The Government has recently announced that it will bring forward a new Neighbourhood Planning and Infrastructure Bill in the Queen’s Speech.
The purpose of the bill is to support the Government’s ambition to deliver one million new homes and to ensure that Britain has the infrastructure to support long-term economic growth.
A summary of the main proposed planning provisions is below:
Pre-commencement planning conditions
- Ensure pre-commencement conditions are only imposed by LPA’s where they are ‘absolutely necessary’.
- This will be based on the fundamental principle that compensation should be based on the market value of the land in absence of the scheme underlying the compulsory purchase.
- Improve the process for reviewing and updating plans.
- Provide a more transparent duty for the government to support groups engaging in neighbourhood planning.
Compulsory purchase orders
- Enhanced provisions to make the CPO process clearer, fairer and faster.
- A new, clear statutory framework for agreeing compensation:
- This will continue to be based on the market value of the land in absence of the scheme underlying the compulsory purchase and aims to consolidate and clarify over 100 years of statute and case law.
National Infrastructure Commission
- Establish an independent National Infrastructure Commission (NIC) on a statutory basis.
- The NIC will provide expert, independent advice on infrastructure issues by setting out a clear, strategic vision for projects needed over the next 10-30 years.
- The Government intends that the NIC will help support the Government’s manifesto pledge to invest over £100 billion in the UK’s infrastructure over this Parliament and ensure that growth and opportunities are evenly distributed across the country, boosting productivity and competitiveness through high-quality infrastructure.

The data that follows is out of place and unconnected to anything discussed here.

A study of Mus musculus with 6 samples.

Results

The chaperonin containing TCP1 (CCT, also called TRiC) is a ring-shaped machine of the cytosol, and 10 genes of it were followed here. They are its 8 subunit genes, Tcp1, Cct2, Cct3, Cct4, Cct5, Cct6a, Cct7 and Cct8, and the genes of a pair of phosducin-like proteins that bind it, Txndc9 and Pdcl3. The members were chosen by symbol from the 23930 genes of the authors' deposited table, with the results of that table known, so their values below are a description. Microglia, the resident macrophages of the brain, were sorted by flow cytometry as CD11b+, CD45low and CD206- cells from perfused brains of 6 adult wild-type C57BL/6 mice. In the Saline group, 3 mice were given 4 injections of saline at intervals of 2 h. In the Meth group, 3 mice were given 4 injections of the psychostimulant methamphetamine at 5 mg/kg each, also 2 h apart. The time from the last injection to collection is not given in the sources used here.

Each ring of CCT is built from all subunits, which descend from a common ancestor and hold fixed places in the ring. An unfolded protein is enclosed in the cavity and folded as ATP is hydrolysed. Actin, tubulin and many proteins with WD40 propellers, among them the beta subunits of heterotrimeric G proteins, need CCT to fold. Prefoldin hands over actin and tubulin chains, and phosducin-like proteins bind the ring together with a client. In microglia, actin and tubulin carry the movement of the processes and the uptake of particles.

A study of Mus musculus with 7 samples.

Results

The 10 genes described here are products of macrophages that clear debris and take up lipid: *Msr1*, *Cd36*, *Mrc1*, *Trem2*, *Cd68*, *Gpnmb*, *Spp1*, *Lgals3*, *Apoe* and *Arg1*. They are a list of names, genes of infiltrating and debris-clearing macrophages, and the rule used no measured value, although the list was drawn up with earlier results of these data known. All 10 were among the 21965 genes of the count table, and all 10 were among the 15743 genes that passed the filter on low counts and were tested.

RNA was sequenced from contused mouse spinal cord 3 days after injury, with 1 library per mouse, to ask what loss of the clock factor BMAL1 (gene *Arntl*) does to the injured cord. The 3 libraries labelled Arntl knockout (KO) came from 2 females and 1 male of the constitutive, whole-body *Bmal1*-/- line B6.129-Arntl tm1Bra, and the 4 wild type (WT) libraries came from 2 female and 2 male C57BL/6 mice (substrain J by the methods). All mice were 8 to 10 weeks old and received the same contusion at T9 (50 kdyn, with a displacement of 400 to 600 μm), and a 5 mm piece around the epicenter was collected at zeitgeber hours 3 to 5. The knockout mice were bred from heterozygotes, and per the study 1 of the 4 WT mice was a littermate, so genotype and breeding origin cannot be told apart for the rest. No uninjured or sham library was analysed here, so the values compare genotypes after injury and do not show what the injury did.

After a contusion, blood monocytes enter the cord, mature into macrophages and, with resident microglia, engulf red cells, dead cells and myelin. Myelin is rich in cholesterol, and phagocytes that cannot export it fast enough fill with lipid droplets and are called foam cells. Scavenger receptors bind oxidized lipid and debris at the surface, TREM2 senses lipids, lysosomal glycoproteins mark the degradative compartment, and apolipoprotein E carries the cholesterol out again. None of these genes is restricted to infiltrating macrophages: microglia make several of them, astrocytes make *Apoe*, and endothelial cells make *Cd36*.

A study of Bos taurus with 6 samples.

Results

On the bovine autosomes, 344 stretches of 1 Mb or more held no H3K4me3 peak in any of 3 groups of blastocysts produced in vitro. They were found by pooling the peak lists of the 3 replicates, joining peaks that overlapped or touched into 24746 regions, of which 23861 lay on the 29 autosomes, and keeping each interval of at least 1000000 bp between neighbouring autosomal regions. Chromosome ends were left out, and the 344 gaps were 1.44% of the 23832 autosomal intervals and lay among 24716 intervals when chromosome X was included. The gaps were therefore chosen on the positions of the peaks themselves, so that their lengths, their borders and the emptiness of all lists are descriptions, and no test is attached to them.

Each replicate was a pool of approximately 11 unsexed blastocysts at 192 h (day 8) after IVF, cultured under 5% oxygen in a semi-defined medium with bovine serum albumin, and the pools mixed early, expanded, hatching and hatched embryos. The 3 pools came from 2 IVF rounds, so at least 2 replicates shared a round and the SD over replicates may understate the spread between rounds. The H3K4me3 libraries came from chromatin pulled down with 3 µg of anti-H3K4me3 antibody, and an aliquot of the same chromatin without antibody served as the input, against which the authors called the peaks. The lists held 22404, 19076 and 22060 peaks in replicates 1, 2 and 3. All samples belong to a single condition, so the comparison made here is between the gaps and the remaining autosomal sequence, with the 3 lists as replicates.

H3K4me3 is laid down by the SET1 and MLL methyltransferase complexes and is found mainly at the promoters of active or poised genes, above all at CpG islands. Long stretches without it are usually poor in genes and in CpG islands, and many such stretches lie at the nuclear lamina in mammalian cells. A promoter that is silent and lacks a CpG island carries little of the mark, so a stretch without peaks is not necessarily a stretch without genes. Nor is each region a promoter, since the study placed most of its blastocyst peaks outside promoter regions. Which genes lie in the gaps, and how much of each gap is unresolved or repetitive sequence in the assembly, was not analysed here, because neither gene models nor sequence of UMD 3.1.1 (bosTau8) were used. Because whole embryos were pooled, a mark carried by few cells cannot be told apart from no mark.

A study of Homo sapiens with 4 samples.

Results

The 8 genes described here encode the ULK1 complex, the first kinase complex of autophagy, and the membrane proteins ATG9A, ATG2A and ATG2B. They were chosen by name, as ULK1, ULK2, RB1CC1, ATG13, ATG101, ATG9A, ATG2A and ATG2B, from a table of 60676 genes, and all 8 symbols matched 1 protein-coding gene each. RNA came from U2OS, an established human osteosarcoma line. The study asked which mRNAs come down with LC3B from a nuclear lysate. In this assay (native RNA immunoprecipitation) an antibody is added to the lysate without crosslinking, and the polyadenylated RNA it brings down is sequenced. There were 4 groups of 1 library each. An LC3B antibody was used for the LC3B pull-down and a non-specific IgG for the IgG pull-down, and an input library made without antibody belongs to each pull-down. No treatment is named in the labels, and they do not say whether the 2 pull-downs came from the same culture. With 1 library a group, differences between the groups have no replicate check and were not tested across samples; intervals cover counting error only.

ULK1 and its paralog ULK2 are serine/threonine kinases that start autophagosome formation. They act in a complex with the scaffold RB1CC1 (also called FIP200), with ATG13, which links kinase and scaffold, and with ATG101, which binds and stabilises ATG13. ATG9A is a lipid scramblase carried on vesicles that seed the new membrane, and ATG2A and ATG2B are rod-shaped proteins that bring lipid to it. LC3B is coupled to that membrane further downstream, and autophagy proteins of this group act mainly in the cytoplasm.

The Bill’s NIC provisions will apply across the UK, whilst its other main provisions will apply across England and Wales.
As with much of the planning legislation introduced in recent years, the main planning issues on Ministers’ minds is boosting housing supply and infrastructure. That again is the underlying purpose for this Bill, but there’s a long way to go before this Bill gains royal assent. Other presently unclear factors are the extent to which the Government’s legislative programme will be disrupted by the focus and allocation of resources on Brexit and changes in the Conservative Party’s leadership and how these factors may affect this particular Bill. We will be monitoring the details and progress of the Bill as more is revealed. Whilst the mechanisms generally appear welcome, this Bill will add to the increasingly voluminous, complex and disparate suite of planning legislation, despite part of its intent being to make processes clearer.